The Trump administration has formally outlined a series of changes to how US universities should handle sexual assault allegations, a shift raising protests from both rights activists and sector leaders.
Key points of the changes would allow campuses to set higher bars for affirming complaints of sexual harassment and assault, give the accused a right to indirectly question accusers, and reduce their institutional liability.
The coming revisions also would limit institutional authority to investigate campus-related events, give institutions more flexibility in crafting solutions to help the victim, and let the accuser as well as the accused appeal an adverse ruling.
The changes are aimed at providing “clear policies and fair processes that every student can rely on”, education secretary Betsy DeVos said in a statement. “We can, and must, condemn sexual violence and punish those who perpetrate it, while ensuring a fair grievance process,” she said.
The federal government has the authority to set such rules under its power to withhold federal student aid eligibility from institutions that do not comply. Federal rules dating to 1972 forbid sex-based discrimination at such institutions and require them to act on complaints they receive. The revisions proposed by Ms DeVos now must pass through a two-month period of formal public consultation before they take effect.
As the outline of the administration’s intentions became public knowledge in recent weeks, some experts inside and outside higher education described certain provisions – including giving those accused a right to pose questions, and setting a tougher standard for judging their guilt – as threats to victims’ rights.
The American Council on Education, the umbrella organisation for US higher education, said that the rules around a complex and emotional process needed to be clarified, and said that it supported the suggestion in the new rules of mediation as another option that can be offered in cases of sexual harassment or abuse.
But an ACE official said that the idea of a “live hearing” with “cross-examination” of the accuser sounded far too legalistic for an on-campus format intended to put a sexual assault victim at ease.
“This apparently would permit one student to hire a highly paid legal pit bull to grill another student in a campus disciplinary hearing,” said Terry Hartle, ACE’s senior vice president for government and public affairs.
The new rules, however, do continue to allow some flexibility in campus adjudication processes, and even some help for victims. One aspect of the DeVos plan would let either side appeal an adverse ruling, and not just the accused.
The DeVos plan also would clearly overturn informal guidance offered in the Obama administration that directed institutions to look for a “preponderance of the evidence” in assessing a claim. The DeVos plan would allow a higher bar of “clear and convincing” evidence.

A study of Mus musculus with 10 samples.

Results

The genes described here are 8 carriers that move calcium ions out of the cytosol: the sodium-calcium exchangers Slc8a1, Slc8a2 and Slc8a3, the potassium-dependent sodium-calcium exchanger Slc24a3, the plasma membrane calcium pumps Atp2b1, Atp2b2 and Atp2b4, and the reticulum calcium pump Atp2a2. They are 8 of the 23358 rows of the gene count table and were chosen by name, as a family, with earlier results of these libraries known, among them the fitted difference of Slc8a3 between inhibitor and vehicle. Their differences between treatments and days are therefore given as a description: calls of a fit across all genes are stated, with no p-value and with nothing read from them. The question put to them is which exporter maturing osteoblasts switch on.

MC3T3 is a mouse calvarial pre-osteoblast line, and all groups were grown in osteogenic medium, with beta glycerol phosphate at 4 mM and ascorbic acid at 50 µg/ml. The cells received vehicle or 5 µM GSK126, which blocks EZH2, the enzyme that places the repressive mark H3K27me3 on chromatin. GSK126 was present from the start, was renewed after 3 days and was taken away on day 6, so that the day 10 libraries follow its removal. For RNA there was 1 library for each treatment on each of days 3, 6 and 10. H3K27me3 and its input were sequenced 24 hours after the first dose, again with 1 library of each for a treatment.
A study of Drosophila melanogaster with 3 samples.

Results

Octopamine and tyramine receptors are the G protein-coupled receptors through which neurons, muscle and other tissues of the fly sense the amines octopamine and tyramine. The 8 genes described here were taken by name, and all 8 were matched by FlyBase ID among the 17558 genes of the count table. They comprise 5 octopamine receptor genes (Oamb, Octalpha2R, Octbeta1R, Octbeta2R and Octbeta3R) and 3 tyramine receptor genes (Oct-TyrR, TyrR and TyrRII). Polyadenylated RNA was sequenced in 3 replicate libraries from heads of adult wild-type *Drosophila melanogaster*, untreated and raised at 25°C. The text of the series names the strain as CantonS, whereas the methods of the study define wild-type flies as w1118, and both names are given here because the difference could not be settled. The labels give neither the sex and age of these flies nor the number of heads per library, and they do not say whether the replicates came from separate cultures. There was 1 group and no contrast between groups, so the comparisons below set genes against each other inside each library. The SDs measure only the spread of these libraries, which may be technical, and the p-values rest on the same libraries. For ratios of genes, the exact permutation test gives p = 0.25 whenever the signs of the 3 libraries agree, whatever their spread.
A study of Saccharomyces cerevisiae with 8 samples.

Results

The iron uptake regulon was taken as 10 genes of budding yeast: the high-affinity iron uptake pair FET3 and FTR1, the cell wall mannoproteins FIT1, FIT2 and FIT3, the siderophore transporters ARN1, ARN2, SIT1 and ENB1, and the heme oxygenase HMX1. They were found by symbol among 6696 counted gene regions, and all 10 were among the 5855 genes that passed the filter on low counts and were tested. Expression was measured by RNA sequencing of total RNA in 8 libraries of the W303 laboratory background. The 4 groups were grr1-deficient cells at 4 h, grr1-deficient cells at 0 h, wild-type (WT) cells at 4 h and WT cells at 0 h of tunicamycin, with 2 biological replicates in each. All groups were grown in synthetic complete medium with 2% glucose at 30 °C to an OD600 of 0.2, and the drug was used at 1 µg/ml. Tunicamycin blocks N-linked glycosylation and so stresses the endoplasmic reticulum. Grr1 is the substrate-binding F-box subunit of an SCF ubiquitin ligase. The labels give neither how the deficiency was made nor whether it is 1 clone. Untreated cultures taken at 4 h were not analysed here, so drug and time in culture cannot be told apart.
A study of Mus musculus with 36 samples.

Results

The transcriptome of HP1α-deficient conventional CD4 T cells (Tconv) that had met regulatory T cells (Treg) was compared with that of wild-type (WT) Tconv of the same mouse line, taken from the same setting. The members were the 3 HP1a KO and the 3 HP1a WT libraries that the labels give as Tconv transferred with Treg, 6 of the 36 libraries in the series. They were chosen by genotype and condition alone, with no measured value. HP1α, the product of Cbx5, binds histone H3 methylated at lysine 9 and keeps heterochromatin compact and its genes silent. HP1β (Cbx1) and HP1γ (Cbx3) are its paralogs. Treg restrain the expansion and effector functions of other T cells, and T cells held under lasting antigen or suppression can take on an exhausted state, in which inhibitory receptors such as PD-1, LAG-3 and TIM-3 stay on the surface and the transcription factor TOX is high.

And the guidelines call on institutions to consider a wider range of responses to complaints, including supportive measures that some victims have sought, such as schedule changes or housing reassignments.
Other changes described by Ms DeVos seem more clearly helpful to the accused. One would give the accused the right to cross-examine accusers. The questioning, however, would have to be done by a third party, such as an attorney, and could not involve questions about an accuser’s sexual history.
The DeVos plan also would tighten the broad Obama administration definition of sexual harassment as “unwelcome conduct of a sexual nature”. The DeVos language would limit that definition to a college employee conditioning a benefit on sexual conduct; a criminal act of sexual assault; or unwelcome sexual conduct that denies an educational benefit and that is also “severe, pervasive and objectively offensive”.
The new administration language also would require a complaint to be filed with a specific office – such as a sexual harassment complaint coordinator – in order for the college to be considered formally aware of the complaint. It also would require the incident to have occurred on campus or in a university-sanctioned activity, thereby ruling out events such as off-campus parties.
Some activists believe colleges have no business handling any sexual assault allegations, regardless of location, given the history of incidents in which colleges have failed to respond appropriately. Just this week, seven current and former students at Dartmouth College filed a suit against the institution detailing a long-running culture of sexual abuse by their psychology professors that dated back as far as 2002.
Denise Krepp, an attorney who said she was fired after she tried to pursue a long-running sexual abuse scandal at the US Merchant Marine Academy, said Ms DeVos is making the mistake of “building on a system that shouldn’t exist”.
“We don’t let colleges adjudicate murders,” Ms Krepp said. “Why are we telling them to adjudicate rape cases?”
But federal rules only set out on-campus processes as a more comfortable option, not a requirement, for any victim who would prefer to go straight to the police, Mr Hartle said. “Our goal”, he said of universities, “is to support the survivor and to be fair to both parties.”